CIA is not enough

The three basic principles of IT security are confidentiality, integrity and availability - sometimes known as the CIA triad. Briefly, information should not be made available to those who are not authorized to use it, it should not be subject to unauthorized modification and should be available to those authorized to use it as and when needed.

Information assurance (IA) goes further - requiring that the authenticity of information can be assured and that actions cannot be repudiated.

Successful IA depends on cybersecurity - security that takes into account all aspects of the interactions between physical and technological environments and the people who use them. It includes IT security governance, risk management and compliance (GRC).

N+S has many years of experience in dealing with companies across these areas.

Well, they got our attention

The eye-watering fine regime caught everyone’s attention. Then, a flurry of policy-making activity, first as organizations sought to ensure they were legally covered, then to assure users that their personal data was safe. Much of this activity was lawyer-led and focussed on privacy.

Being lawful - necessary but not sufficient

The problem with a legalistic approach is that it ensures that policies are legally compliant but does not necessarily capture the technical difficulties of implementation, let alone address them. Likewise, privacy is an essential requirement of information security, ie ensuring confidentiality. But confidentiality is not enough, the integrity and availability of information also need to be protected.

Data protection - a work in progress

From our experience of talking to many companies about data protection, and cybersecurity more generally, it is clear that much still needs to be done, particularly in relation to data integrity and availability. Legacy data and applications are a case in point. There are sometimes unresolved issues around the mechanisms for transferring personal data securely to other data controllers, as well as providing data subjects with information regarding automated decision making.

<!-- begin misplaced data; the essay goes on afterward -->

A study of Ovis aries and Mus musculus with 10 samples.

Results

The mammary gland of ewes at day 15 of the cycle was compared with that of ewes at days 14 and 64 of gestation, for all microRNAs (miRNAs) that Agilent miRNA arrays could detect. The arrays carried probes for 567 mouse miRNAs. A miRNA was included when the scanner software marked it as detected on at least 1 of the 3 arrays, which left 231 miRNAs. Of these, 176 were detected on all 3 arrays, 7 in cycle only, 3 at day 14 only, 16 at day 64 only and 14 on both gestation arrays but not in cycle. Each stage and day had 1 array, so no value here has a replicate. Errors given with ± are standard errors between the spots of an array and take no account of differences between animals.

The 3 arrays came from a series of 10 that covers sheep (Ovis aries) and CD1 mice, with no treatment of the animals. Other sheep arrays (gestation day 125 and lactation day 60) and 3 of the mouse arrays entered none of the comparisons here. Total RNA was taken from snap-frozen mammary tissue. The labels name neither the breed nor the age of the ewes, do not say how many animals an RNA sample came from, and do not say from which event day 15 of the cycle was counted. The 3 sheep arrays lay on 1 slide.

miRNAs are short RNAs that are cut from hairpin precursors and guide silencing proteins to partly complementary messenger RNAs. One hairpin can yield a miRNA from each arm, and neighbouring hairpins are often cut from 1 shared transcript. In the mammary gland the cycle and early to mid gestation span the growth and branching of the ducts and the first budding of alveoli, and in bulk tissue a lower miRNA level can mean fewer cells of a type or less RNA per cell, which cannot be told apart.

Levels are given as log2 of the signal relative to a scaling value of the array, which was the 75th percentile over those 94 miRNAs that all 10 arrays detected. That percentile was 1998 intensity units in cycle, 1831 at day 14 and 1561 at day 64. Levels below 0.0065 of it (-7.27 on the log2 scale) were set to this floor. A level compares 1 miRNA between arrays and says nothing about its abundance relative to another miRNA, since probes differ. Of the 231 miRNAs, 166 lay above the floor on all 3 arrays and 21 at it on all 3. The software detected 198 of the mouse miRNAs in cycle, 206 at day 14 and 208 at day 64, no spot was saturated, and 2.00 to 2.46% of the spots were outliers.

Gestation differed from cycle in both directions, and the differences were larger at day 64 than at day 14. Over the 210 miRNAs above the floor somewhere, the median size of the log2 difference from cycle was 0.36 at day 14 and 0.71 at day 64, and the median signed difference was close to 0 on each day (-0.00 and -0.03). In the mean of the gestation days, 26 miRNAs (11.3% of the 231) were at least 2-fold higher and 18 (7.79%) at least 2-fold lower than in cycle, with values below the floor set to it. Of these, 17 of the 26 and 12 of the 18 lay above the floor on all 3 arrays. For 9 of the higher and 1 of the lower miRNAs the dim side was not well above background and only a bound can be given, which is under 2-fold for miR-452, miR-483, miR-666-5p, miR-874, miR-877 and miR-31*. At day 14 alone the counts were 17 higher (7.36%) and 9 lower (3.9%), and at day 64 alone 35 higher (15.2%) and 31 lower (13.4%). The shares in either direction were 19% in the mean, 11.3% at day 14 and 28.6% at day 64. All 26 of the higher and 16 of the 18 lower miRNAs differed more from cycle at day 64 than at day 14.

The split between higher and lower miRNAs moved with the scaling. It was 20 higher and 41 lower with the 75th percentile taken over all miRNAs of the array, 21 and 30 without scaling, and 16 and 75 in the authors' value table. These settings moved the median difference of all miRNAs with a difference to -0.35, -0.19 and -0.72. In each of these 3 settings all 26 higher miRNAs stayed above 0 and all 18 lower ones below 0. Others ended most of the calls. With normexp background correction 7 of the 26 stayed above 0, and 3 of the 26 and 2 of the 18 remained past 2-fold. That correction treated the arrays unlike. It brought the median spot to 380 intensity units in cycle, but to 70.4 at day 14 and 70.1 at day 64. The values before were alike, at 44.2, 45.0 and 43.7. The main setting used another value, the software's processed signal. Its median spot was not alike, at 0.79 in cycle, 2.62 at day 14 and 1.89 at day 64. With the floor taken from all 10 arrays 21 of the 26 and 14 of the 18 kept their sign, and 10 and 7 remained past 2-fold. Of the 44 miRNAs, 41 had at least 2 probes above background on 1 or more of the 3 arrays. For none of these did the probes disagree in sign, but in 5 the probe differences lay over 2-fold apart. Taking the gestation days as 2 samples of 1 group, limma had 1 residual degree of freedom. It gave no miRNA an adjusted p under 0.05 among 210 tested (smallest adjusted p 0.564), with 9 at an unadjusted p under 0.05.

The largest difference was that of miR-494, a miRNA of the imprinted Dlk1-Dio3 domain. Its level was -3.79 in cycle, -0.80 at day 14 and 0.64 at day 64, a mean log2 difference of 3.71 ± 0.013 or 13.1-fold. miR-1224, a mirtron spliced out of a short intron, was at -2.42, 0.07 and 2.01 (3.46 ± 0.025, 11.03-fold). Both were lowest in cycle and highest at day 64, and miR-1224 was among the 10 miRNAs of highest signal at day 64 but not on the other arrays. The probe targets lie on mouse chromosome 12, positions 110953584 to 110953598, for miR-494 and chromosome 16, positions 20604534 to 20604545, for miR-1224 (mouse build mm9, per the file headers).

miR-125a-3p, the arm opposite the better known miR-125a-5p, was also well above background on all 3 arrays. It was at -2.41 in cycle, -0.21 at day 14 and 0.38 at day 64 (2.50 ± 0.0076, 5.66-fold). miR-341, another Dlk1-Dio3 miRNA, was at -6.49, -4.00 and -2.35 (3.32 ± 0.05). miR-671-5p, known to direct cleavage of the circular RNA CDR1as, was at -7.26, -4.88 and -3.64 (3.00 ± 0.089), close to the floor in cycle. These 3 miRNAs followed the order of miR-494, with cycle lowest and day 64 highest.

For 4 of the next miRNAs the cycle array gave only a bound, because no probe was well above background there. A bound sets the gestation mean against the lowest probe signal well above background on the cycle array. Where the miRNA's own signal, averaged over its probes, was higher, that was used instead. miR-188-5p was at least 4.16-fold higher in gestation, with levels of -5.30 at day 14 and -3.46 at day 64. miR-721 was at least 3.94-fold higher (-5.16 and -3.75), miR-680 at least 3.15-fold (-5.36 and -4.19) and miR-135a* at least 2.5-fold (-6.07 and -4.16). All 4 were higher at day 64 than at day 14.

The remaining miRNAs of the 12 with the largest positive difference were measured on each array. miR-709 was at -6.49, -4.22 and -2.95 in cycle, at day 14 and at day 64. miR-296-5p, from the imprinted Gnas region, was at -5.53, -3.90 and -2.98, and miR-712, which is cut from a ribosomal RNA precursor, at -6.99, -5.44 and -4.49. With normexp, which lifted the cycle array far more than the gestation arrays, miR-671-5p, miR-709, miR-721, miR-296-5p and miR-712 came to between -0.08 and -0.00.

For companies developing applications to process personal data, there is a requirement for security by design and default - not only to implement it but to demonstrate that it has been integrated into design and development processes. This is an area that has historically been poorly addressed.

The IT environment is changing rapidly. Dealing with AI, big data and IoT, will all affect how data protection will need to be implemented. Then there is the (as yet unresolved) way which the UK’s data protection environment will be affected by our changing relationship with the EU, particularly as far as the European Data Protection Board is concerned.

In short, data protection is likely to require considerable attention from companies for the foreseeable future.

Interested in how we can help? Find out more about our DPO services and Bespoke training.

A moving target

You cannot afford your cybersecurity defences to be static. They need to evolve to meet continually changing threats and vulnerabilities.

Know your weaknesses

This is the easy-ish part. Vulnerabilities are (for the most part) internal. You can seek them out. New technical vulnerabilities are being discovered on a daily basis, so most companies have a rolling program of automated vulnerability assessments.

Know your enemies

Many of the threats you face will come from external sources. Identifying these is harder, it requires research. Once you have identified the likely sources and their motivations, you need to understand what they will target. Thinking like the hacker and carrying out penetration (pen) tests will help you understand how they could exploit your weaknesses to achieve their ends. Companies will often engage independent consultants to carry out these tests, typically on an annual basis. These are useful as they bring an outside perspective. However, you will gain extra benefit from running your own pen tests more frequently, particularly when new threats are identified.

So far, we have referred to external threat sources. Of course, the most dangerous threats are likely to arise from malicious insiders. Tailored internal pen tests can also identify the damage that they could cause.

Call us to find out how we can help you to train you staff to carry out pen tests safely.